AHMEDABAD: Five years after it gave a
clean chit to the then Gujarat chief minister Narendra Modi
in the 2002 post-Godhra riots, the report of the commission headed by Justice (retd) GT Nanavati, which probed the communal violence, was tabled in the state assembly on Wednesday.
The report also gives a clean chit to ministers and officials of the then Gujarat government for the riots, which claimed the lives of 1,025 people across the state.
The commission has rejected the accounts of three "whistleblower" IPS officers – Sanjiv Bhatt, Rahul Sharma and R B Sreekumar- who alleged involvement of then state government in 2002 post-Godhra riots.
Dismissed IPS officer Sanjiv Bhatt, who had in 2011 filed an affidavit in the Supreme Court implicating the then Gujarat chief minister Narendra Modi for alleged involvement in the 2002 communal violence, was lying and made up the story of him attending a meeting at the CM's residence on February 27. This is the conclusion of the Nanavati Commission. The commission also said that Bhatt used a false document, a fax message, to support his presence at the meeting.
"On consideration of evidence, it clearly appears that Bhatt is not telling the truth with regards to what happened in the meeting held on February 27, 2002, at the CM's residence. Claims made by him of being present in the meeting appear to be false," stated the second part of the report of the Commission of Inquiry' by Justice G T Nanavati and Justice Akshay Mehta.
"…Obviously, his version about what was discussed and what was stated by the CM and others in that meeting is a story now made out by him and deserves to be discarded as false," the report stated.
Bhatt, a 1988-batch IPS officer, who was deputy commissioner, intelligence, in the State Intelligence Bureau (SIB) in 2002, had stated on affidavit in the SC that he had attended the February 27 meeting at the CM's residence in Gandhinagar. He said Modi had instructed Gujarat Police and the state administration to refrain from resorting to strict action and to permit the majority community to vent their anger at the minority community'.
In 2015, Bhatt was dismissed from police service on grounds of unauthorized absence'. He has now been in jail for more than a year, after being given a life sentence in a 1990 Jamnagar custodial death case and being denied bail in a 1996 drug planting case.
Significantly, the commission said it found that the copy of a fax message, purportedly signed and sent by Bhatt on February 27, to support his claim of attending the meeting, was actually sent on March 2, 2002, by P P Upadhyay, about an incident at Pandarva in Panchmahal.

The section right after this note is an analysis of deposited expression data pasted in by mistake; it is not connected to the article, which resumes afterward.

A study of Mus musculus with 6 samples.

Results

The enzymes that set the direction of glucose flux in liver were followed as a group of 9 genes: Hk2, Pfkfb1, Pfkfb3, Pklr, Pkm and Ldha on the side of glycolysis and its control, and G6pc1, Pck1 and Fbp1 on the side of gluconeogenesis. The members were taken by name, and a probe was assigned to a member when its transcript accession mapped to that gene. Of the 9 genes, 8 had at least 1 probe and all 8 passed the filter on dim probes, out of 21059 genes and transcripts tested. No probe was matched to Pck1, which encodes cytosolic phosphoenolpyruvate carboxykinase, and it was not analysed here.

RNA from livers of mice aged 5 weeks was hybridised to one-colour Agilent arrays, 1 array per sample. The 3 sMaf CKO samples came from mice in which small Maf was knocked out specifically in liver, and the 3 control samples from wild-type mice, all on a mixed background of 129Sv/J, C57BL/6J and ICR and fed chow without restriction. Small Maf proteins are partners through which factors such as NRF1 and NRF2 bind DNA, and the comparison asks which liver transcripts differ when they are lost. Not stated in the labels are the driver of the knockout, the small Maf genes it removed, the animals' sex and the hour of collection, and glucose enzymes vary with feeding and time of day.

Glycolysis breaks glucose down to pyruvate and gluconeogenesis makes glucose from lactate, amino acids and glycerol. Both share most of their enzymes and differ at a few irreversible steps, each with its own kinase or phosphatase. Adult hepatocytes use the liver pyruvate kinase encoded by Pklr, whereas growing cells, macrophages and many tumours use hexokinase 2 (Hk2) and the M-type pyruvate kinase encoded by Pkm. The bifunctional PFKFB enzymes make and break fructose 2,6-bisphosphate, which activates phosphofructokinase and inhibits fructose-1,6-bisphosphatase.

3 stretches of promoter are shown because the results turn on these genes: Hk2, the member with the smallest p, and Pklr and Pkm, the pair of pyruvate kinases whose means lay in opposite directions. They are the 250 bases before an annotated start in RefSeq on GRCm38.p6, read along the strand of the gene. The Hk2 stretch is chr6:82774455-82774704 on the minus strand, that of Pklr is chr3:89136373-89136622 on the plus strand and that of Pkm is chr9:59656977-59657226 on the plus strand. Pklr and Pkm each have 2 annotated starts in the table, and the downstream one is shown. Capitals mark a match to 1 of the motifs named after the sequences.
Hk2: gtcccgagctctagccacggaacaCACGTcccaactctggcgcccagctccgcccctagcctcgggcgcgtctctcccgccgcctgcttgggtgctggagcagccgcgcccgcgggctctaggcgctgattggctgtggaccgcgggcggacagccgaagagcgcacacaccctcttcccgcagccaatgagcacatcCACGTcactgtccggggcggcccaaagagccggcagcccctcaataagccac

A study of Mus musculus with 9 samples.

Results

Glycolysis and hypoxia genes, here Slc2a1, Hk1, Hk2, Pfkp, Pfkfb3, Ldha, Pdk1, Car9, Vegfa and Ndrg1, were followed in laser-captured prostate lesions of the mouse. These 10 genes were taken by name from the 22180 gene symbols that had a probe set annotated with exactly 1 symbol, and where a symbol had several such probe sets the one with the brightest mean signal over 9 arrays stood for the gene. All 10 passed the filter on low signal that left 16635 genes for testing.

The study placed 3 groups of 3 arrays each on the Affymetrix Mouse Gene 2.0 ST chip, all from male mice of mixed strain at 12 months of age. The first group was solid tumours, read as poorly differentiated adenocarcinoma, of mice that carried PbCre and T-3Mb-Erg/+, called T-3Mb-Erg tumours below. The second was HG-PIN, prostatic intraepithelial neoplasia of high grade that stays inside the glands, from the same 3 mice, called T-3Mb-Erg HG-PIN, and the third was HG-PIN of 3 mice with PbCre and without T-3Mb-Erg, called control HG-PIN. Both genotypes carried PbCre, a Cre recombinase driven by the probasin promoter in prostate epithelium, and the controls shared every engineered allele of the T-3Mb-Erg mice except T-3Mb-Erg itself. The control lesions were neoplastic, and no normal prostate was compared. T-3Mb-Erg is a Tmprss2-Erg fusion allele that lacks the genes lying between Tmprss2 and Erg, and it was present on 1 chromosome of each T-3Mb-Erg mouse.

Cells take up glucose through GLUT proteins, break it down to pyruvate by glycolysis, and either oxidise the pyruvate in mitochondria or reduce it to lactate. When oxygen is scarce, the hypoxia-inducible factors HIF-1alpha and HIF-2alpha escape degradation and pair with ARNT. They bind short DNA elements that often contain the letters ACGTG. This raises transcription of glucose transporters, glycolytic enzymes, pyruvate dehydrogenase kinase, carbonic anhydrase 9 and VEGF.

The commission relied on statements and affidavits of senior IPS officers, such as the then Gujarat DGP K Chakravarthi, home secretary K Nityanandam, secretary to CM Anil Mukim and even Narendra Modi, to refute Sanjiv Bhatt's claims of attending the CM meeting. Bhatt had claimed that he reached the CM's residence for the meeting by accompanying Chakravarthi in his car.
The commission stated there was no reason for Chakravarthi to direct anyone from the IB to accompany him to the meeting of top police officers.
Panel junks Rahul Sharma's call details info
The Nanavati inquiry commission refused to trust call details supplied by former IPS officer Rahul Sharma, on the grounds that he could not furnish the CDs on which the data was originally stored.
The call details gathered by Sharma had stirred up a hornet's nest because collusion between rioters and government officials and politicians was alleged after analysis of this data. Sharma, who got the CDs from the private telecom companies in 2002, copied the data on to his personal computer and said he sent the original CDs to crime branch. He provided the data to the commission, but not via the original CDs. The whereabouts of the original CDs are not known.
The commission's refusal to accept call details as evidence was based on authenticity of the data. In the absence of the original CDs and non-production of the original data which he copied on his computer from the original CDs, the data contained in the CDs produced before the commission cannot be accepted as reliable and correct, held the commission The inquiry commission's conclusion that Sharma's CDs were not reliable was also based on the testimony of former state home minister Gordhan Zadaphia, who said that he had not made certain phone calls which the analysis of data from Sharma's CDs reflected.